Wednesday, January 19, 2011

Meet Professor Doctor

SAIS Bologna would not be the institution it is without its faculty. Applicants often like to contact a professor to discuss the program. We encourage such communication. We thought it would be good to give some space in this blog to a faculty member to talk about what makes the place special for them. So meet Mahrukh Doctor, who is a visiting associate professor.

Mahrukh is a SAIS graduate and received her D.Phil. from Oxford. She speaks English, Hindi, Portuguese and German.


I have been an adjunct professor at SAIS Bologna for the past 5 years and this year I am Visiting Associate Professor. I taught two courses in the Fall Semester – one on Latin American Politics and the other an Introduction to Development. In the Spring Semester, I will teach a course on contemporary Brazil.

My Fall Semester classes had an excellent group of students – lively and full of questions. Just what I like, since it keeps me on my toes! Teaching a highly motivated group of students is always an interesting and rewarding experience. As an applicant, an important point to consider is that one of the best things about a SAIS education is the opportunity to learn from experienced professors (a mix of academics and practitioners) and from the diverse student body. The Bologna Center is particularly strong in this respect – both students and professors come from a wide variety of countries. In fact, I love to teach at Bologna precisely because of the mix of nationalities and life experience in the classroom.   

You are probably wondering what this means for you – the student. Most obviously, the class discussions benefit from the different academic backgrounds and work experience of many of the students. For example, my Development class had students from a number of countries: Italy, Germany, the UK, Austria, the U.S., Canada, Nigeria, Sierra Leone, China, South Korea, India, Nepal, Mexico, Argentina and Slovakia to name a few. They had work experience in Bangladesh, El Salvador, Iraq, Afghanistan, Hong Kong, Brazil, Ecuador, Haiti, India and many more developing countries. You can imagine what a good discussion this engenders both inside and outside the classroom.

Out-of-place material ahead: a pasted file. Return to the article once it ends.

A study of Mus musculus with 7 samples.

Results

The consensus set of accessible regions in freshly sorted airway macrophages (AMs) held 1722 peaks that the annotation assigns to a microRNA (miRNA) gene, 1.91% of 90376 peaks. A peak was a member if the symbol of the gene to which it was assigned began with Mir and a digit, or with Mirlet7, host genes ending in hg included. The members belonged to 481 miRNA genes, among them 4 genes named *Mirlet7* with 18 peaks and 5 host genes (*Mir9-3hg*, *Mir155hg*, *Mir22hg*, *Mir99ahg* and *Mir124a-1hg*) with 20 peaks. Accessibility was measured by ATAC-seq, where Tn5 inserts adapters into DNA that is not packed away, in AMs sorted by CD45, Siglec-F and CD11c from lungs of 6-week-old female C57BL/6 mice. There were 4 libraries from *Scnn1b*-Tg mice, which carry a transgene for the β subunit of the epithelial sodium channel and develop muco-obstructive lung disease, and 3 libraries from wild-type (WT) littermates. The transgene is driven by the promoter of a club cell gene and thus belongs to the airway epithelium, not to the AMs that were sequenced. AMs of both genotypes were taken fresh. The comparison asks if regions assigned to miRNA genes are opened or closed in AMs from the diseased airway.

Another important aim in my teaching is to get students to learn the practical skills relevant to their future careers.  Hence we have formal class debates and other assignments that develop such skills. For example, one of the graded assignments for the Development course was a group project that required students to make posters (later exhibited in the library) and to participate in a mini conference on the theme: Why Development Matters. Of course, these types of assignments not only develop professional skills, but also require you to learn about the relevant issues and lessons from the case studies reviewed.

Hope this gives you a flavour of what it is like to be a student here and how we, the professors, try to make your learning experience relevant, useful and enjoyable.

1 comment:

Ihssane said...

I highly enjoyed our chat on the phone several weeks back, as well as this exciting post. Thank you for that! I will certainly be looking forward to possibly being one of your students in the Introduction to Development course next Fall and joining the lively class discussions!